Nonprofits and NGOs of all sizes work to address enormous and complex social challenges. Their mission statements define their reason for being and often reflect big aspirations—ending homelessness, halting climate change, achieving racial equity. While an important source of motivation and inspiration, these missions are typically so broad that they can encompass almost any combination of programs and activities. That means they aren’t particularly well suited to help nonprofit leaders address their central challenge: figuring out how to make the biggest difference possible with the resources available to them. That’s where strategy comes in.

Strategy is all about getting critical resource decisions right—allocating time, talent, and dollars to the activities that have the greatest impact potential. Developing a clear, effective strategy can be a long process and often involves difficult tradeoffs. To smooth the path, we believe it is important to agree on your organization’s intended impact and theory of change.[1]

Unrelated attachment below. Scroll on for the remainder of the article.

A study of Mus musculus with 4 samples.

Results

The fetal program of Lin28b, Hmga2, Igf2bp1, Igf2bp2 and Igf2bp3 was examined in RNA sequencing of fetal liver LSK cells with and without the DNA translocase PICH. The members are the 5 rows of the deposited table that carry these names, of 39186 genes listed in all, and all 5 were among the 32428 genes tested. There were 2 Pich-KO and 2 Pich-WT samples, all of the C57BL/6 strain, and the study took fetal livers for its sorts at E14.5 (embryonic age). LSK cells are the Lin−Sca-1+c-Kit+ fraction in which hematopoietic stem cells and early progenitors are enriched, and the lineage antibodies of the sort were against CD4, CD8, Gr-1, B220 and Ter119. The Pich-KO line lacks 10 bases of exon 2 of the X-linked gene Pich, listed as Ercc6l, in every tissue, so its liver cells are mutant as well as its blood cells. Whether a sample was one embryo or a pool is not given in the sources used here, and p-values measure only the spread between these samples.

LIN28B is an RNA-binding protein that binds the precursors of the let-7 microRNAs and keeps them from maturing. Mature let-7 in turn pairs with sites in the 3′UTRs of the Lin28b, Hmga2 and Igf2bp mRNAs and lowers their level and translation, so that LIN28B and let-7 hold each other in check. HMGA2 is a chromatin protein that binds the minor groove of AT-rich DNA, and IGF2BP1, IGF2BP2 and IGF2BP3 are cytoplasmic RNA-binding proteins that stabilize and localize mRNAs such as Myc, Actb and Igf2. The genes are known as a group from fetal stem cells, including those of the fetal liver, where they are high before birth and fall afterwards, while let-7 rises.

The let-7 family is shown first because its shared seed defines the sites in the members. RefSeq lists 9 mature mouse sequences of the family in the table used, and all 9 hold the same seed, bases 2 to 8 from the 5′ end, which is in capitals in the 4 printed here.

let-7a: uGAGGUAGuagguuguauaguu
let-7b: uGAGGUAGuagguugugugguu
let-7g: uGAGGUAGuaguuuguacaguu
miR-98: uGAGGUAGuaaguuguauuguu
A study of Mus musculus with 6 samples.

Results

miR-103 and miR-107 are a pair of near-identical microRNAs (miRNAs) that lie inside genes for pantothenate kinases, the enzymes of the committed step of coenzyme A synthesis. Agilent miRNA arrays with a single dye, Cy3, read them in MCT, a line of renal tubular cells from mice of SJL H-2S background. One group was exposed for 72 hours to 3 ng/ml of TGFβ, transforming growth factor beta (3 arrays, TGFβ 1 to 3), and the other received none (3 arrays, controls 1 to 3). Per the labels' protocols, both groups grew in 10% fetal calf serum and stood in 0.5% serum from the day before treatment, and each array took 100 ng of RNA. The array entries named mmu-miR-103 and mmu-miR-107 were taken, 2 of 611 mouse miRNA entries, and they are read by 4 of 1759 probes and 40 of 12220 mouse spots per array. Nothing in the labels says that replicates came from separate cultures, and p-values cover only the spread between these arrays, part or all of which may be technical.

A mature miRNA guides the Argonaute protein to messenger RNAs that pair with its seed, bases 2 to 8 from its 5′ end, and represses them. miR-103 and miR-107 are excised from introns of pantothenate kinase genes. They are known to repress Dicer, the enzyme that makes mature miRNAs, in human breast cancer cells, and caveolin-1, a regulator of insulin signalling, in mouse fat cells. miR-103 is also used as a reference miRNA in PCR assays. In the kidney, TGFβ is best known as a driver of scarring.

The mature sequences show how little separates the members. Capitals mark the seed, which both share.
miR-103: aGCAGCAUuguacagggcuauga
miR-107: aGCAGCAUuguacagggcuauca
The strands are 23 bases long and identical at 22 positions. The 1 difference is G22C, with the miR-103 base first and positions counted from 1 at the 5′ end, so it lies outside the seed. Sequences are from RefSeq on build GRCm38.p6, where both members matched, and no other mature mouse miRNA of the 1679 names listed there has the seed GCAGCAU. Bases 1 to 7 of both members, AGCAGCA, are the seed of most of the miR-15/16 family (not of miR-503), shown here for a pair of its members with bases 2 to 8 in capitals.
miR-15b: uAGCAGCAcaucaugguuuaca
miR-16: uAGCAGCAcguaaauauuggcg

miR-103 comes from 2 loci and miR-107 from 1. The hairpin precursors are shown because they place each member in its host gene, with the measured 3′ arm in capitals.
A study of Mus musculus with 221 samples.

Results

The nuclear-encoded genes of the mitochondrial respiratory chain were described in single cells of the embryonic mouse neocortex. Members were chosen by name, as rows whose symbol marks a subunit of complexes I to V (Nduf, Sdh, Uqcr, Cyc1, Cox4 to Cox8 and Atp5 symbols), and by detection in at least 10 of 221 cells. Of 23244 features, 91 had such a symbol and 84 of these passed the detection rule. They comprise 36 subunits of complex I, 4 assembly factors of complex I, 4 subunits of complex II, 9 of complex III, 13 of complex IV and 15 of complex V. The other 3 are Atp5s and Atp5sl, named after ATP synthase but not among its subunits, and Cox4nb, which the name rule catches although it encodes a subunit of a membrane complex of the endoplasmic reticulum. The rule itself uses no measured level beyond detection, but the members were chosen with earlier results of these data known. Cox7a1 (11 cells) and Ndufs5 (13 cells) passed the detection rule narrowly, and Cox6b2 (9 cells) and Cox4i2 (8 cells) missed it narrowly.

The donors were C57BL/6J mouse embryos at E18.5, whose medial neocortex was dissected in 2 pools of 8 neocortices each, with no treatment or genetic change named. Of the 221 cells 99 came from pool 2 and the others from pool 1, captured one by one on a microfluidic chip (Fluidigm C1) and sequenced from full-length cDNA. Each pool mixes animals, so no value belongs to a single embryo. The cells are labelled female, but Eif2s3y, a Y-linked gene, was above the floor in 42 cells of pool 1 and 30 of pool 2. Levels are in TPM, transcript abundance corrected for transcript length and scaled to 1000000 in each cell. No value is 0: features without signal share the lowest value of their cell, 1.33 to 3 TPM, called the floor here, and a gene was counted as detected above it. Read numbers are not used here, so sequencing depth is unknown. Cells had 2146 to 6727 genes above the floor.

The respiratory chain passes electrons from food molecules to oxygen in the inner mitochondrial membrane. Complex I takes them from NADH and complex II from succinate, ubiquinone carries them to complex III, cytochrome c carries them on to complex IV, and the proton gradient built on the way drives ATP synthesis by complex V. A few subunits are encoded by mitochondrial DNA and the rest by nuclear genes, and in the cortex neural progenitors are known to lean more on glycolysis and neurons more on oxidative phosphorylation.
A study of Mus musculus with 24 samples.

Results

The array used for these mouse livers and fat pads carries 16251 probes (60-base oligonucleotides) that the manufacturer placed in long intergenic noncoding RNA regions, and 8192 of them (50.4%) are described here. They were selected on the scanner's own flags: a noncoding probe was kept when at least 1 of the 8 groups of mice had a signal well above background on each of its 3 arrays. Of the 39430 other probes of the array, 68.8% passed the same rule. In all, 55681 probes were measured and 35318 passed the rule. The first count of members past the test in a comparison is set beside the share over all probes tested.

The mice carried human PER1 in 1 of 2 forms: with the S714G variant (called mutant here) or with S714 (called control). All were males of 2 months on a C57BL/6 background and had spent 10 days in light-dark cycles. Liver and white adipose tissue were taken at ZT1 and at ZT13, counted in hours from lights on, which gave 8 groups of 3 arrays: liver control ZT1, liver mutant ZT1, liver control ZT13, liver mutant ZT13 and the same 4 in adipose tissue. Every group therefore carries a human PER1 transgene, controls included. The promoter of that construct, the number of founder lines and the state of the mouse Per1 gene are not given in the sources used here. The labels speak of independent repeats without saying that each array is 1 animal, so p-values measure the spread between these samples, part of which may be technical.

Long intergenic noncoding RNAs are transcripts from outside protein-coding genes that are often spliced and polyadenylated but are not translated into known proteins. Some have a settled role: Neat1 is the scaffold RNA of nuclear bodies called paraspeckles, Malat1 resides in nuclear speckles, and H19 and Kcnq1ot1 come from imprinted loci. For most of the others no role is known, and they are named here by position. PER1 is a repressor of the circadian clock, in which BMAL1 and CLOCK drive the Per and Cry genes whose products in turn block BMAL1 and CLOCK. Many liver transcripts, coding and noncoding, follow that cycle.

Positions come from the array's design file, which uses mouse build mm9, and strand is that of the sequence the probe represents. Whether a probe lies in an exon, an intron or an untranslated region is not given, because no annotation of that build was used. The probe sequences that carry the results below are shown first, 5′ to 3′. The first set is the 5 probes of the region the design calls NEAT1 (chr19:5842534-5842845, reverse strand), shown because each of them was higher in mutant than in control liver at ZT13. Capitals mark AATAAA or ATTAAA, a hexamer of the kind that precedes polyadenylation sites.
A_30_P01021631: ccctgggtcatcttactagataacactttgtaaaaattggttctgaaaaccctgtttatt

Intended impact defines the results your organization will hold itself accountable for achieving within a reasonable timeframe (e.g., 5–10 years). It specifies WHO your population of focus is, WHERE your organization will do its work, and WHAT specific outcomes you want to achieve. Theory of change explains HOW your organization will achieve that impact—the approaches you will undertake and the other actors you will work with or alongside.

Read the full article about intended impact and theory of change by Lindsey Waldron, Butch Trusty, Preeta Nayak, Yvonne Bettancourt at Bridgespan Groups.